Choose your favorite writer

  • Adrian Simmons
    Adrian Simmons
  • Bryan Coleman
    Bryan Coleman
  • Greg Kyte
    Greg Kyte
  • guestblogger
  • Ian Crook
    Ian Crook
  • Jason Blumer
    Jason Blumer
  • Jennifer Blumer
    Jennifer Blumer
  • Scott Kregel
    Scott Kregel

I’m not afraid of dying. As a matter of fact, I’m tired and I could use the rest. I am afraid of dogs, and I’m afraid of swimming in large natural bodies of water. (Thanks for that one, mom. Jaws was a cinematic masterpiece, but maybe not the best film to show your third grader.) Although I’m not afraid of dying, I am acutely aware that time is running out, and I’ve got some $#&% to do.

Jason and I just interviewed Rick Telberg, the uber-cool veteran journalist of the accounting profession. At one point in the interview Rick killed me. He said, “Change is constant. You have to change. You change, or you die. By ‘die’ I mean that these guys simply run out the clock, go out of business, and make room for the next generation.” If that’s death, then I’m terrified of dying Rick Telberg style.

When you give up, you’re dead. When life is good enough and you decide to coast, you just turned into a zombie. The Zombie Apocalypse is here (hooray, Magic: The Gathering nerds, you were right).

In the 2011 movie Sucker Punch (I know you either didn’t see it or you hated it; just relax and play along, Blumer), a group of imprisoned/enslaved women are plotting a very dangerous, very risky escape. One of the women says, “There are armed guards everywhere! And if Blue finds out, we’re dead!” Another voices her continued support of the risky plan when she points out to the group, “We’re already dead.” So why are we afraid of doing anything? If Rick Telberg is right, and dying is simply “running out the clock,” well the clock is running out regardless. We’re already dead. You can do anything when you realize that on the grand scale of things you have nothing to lose.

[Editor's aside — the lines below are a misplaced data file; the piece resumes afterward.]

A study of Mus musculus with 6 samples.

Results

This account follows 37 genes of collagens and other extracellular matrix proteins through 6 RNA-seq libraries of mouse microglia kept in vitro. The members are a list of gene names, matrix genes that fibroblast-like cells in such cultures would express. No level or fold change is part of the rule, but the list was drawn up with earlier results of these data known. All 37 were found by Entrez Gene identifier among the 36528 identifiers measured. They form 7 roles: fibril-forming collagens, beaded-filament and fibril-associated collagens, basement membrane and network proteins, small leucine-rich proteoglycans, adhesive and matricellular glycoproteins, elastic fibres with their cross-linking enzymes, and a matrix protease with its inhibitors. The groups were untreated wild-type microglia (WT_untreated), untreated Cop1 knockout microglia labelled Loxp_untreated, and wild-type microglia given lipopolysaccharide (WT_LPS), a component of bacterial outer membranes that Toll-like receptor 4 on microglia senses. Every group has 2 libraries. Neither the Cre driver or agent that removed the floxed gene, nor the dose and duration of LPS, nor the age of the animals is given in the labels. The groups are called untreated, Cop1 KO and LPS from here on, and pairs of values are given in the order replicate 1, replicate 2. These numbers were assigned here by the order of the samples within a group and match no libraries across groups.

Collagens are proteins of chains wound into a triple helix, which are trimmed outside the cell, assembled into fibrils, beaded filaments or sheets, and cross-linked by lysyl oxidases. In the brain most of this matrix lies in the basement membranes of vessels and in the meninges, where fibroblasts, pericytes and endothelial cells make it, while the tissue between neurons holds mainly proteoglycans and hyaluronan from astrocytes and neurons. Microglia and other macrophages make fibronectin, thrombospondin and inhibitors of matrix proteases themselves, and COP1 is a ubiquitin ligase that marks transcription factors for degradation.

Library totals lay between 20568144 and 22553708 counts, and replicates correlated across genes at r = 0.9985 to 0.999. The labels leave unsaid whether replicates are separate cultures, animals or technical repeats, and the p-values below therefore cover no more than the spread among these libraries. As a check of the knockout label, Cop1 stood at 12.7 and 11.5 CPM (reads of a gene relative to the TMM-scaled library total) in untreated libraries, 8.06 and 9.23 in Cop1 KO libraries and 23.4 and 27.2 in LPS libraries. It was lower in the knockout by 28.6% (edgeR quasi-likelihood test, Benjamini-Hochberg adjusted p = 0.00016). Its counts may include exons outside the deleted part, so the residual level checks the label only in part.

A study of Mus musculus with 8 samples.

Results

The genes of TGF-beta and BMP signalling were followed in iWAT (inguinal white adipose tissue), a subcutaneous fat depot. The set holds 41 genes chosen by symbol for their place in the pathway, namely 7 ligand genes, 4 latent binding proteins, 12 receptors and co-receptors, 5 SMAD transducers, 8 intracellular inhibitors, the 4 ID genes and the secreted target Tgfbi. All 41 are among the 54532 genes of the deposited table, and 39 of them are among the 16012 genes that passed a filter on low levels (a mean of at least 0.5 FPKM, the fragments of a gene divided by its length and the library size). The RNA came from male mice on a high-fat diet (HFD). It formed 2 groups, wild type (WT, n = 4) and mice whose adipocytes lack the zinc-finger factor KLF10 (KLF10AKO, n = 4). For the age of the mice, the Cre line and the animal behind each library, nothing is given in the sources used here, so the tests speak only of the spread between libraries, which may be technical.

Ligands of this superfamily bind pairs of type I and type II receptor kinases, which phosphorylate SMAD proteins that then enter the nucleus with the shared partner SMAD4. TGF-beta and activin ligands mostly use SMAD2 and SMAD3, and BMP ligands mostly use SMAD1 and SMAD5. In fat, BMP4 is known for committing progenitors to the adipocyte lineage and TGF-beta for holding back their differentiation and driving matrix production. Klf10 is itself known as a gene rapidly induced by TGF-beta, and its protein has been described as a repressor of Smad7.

Why are you not pursuing your BHAG? “Because I could fail and that would be hard.” Spoiler alert: Life’s hard anyways, dumbass.

I’m currently working as a CPA in industry. I am way overpaid, I have lots of job security, and I get to do my “little jokes and skits” on the side. It’s been a great ride getting here. I could run out the clock very comfortably. No. Not comfortably. Securely. My existential crises arise when it starts to look like I’ve “arrived” and that “this is it.” And you can’t be comfortable in an existential crisis.

So I say this kind of crap all the time. As a result, I put myself at risk of being a hypocrite if not a liar. Ten months ago at the 2011 THRIVEal Deeper Weekend gathering in Greenville, we all had to say something that we needed to stop doing and something we needed to start doing. I said that I needed to quit my job and start my own comedy accounting dealie full time. To date, I am still not doing my own comedy dealie full time. I’m a hypocrite. A THRIVEal Pharisee. A THRarisee.

So I’m sorry for lying to you (refer to title). It’s just about time for me to take the zombie antidote — take the risks that I know I need to take. What about you? Are you going to jump off the cliff, or are you going to continue eating brains for lunch?

 

Greg was born in Akron, Ohio, in the shadow of the Firestone tire factory. He began to swim competitively when he was eight, swimming for the Mountlake Terrace Lemmings. He graduated in 1995 from the University of Washington with a math degree. He chose math for the ladies.  After serving ten-years as an 8th grade math teacher, he decided it was time for a career change, mainly because he “couldn’t stand those little bastards.” He began his accounting career with a local CPA firm in Orem, Utah, where he consistently failed the QuickBooks ProAdvisor advanced certification exam.  Greg currently works as the Controller for the Utah Valley Physicians Plaza. He lives in Provo, Utah, with his wife and two kids. He enjoys eating maple bars, drinking Diet Pepsi, and swearing.